We’re not going to have a revamped health care system for Christmas, but it looks like we’re going to have a Senate health care bill by Christmas eve.
The larger task of merging it with the House bill so that we end up with something that makes sense remains. 2010 promises to start with a bang. We have no choice but to forgive 2009 for its crushing disappointments and move on.
After a century of talking about it, health care reform has come farther than it ever has before, but compromises, amendments, and drama for the cameras have made the actual legislation contained in the Senate bill nearly impossible to follow from one day to the next.
According to Bloomgerg.com, $600 million has been spent in 2009 trying to influence members of Congress, and there are 3,300 lobbyists registered to lobby on health care — that’s six for each of the 535 members of the House and the Senate. The battle was not only costly, but ugly, with thoughts about actual health care matters largely left out of the discussion as the powers that be fought for their own special interests.
It is almost a given that the final bill will be a far cry from badly needed comprehensive health care reform that will cover all Americans and provide serious competition for the insurers who hold us hostage. More Americans will be covered, but it is likely that tens of millions will continue to fall through the cracks.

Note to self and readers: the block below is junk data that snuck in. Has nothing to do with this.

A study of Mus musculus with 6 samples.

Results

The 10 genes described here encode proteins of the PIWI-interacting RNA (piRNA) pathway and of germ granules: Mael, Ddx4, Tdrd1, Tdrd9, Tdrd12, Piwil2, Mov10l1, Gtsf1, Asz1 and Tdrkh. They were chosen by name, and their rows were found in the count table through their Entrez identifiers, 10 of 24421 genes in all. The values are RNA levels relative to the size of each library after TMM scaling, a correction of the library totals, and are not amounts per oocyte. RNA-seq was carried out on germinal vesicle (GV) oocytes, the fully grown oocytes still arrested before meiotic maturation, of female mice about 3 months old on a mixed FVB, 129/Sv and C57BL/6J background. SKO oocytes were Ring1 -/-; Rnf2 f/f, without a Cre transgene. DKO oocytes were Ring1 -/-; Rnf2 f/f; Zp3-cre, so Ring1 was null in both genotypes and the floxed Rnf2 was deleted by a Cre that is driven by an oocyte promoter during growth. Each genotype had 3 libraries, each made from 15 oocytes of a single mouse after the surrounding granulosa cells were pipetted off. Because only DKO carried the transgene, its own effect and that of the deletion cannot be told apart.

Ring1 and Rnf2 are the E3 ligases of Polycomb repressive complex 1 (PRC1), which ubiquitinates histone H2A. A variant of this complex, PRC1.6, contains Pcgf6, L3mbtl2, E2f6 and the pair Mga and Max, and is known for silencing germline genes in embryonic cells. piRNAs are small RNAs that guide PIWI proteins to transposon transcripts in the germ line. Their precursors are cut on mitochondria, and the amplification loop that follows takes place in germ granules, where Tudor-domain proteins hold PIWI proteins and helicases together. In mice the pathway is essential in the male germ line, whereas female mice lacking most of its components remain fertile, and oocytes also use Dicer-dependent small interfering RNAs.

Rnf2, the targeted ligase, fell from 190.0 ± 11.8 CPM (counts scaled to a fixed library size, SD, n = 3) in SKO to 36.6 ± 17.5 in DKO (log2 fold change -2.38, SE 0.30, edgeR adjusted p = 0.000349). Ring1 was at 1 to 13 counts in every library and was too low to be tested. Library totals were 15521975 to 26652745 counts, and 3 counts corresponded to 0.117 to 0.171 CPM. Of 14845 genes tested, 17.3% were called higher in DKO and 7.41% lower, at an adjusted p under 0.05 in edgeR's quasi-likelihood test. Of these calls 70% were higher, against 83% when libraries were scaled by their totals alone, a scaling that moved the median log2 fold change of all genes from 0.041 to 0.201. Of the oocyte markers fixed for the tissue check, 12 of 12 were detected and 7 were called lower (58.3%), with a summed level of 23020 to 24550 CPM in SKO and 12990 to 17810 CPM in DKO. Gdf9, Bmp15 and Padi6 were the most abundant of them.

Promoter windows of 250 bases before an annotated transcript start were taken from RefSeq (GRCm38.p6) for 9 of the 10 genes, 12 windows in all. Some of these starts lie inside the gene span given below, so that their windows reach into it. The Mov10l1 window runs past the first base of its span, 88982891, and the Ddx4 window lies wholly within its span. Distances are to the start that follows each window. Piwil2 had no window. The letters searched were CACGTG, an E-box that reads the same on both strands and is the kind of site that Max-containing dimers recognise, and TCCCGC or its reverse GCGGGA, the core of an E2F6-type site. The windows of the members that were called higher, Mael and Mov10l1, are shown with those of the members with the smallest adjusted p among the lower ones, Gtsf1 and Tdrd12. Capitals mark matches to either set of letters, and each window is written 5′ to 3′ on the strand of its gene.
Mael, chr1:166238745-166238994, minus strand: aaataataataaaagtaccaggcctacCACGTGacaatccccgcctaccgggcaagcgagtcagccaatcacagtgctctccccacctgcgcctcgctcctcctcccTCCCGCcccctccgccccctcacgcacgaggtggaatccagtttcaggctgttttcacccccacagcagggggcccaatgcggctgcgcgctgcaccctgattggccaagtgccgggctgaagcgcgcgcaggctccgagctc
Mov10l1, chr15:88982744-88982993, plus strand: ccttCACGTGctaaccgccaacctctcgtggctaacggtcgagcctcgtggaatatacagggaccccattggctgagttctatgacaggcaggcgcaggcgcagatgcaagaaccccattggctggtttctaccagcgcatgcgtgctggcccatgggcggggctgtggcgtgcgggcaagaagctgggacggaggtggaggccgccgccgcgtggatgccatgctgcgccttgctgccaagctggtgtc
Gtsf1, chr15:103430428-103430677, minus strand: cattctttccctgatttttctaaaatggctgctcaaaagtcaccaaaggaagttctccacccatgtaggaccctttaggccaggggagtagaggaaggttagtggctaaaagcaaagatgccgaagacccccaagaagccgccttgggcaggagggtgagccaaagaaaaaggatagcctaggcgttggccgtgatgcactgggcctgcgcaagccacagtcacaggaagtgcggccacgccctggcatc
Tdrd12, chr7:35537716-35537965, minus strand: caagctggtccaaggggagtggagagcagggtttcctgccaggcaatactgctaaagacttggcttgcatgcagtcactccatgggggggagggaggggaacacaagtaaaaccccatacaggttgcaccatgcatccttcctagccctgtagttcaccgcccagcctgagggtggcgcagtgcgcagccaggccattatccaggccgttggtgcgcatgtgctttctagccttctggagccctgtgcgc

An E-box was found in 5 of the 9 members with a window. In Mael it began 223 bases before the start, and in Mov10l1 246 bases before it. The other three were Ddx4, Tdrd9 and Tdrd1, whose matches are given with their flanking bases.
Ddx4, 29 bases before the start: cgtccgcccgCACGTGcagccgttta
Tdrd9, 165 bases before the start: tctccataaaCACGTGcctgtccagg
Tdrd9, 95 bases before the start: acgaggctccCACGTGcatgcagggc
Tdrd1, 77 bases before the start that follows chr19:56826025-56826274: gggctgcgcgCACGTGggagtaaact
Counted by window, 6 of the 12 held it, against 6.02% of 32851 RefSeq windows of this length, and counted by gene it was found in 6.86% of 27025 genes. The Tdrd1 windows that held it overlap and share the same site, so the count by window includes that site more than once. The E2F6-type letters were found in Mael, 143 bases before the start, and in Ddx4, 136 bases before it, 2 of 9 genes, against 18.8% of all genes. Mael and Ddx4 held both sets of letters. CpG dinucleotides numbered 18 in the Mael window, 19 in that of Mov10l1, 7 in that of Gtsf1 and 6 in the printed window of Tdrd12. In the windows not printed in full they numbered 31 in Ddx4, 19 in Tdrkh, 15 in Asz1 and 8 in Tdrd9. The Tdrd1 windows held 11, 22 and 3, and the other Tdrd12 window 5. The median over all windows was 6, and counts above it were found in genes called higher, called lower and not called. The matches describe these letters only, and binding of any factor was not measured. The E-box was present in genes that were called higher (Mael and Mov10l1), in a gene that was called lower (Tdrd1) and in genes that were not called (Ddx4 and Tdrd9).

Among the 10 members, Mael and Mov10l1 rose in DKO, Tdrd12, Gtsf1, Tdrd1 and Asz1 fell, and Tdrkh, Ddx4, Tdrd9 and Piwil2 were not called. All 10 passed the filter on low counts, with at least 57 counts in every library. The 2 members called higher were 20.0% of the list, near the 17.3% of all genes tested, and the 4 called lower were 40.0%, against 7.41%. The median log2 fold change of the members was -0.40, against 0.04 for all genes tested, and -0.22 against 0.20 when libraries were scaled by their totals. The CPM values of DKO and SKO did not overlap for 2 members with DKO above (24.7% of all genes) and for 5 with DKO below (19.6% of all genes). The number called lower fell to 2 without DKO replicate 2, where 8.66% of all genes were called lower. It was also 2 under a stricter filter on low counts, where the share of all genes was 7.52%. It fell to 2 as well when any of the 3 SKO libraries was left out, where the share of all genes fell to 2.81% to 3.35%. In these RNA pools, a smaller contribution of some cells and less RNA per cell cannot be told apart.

Insurers will no longer be able to deny coverage for pre-existing conditions or rescind policies from the sick, but with no public option, it remains to be seen if premiums will be affordable for middle income Americans, or if we’ll be paying a mandate penalty.
It’s obvious that whatever legislation is passed in the end, it won’t meet all of our expectations. Rather, it will be step one in a very long movement toward providing all citizens with access to health care. No matter how you feel about the final bill, the movement will not end with the passage of a single piece of legislation.
The Washington Post reports that President Obama is defending the bill, saying he is “”not just grudgingly supporting the bill. I am very enthusiastic about what we have achieved,” and that the Senate bill accomplishes 95 percent of what he called for during his 2008 presidential campaign.
Here’s one bit of good news about health care as we bid adieu to 2009: This week, President Obama signed a measure to extend the federal subsidy for an additional six months (for a total of 15 months) for COBRA for terminated workers who had employer-based group plans. That’s good news if you happen to be in that group. If you fell off the rolls before the original subsidy was in place, you’re still out of luck.
That’s been the biggest part of our problem all along… too many ways for honest, hard-working people to fall out of the system… far too many people hanging out over the edge of the cliff. You can tell a lot about a nation by how it treats its own, particularly when it comes to health. We can do better than this. We’ve got a lot riding on 2010.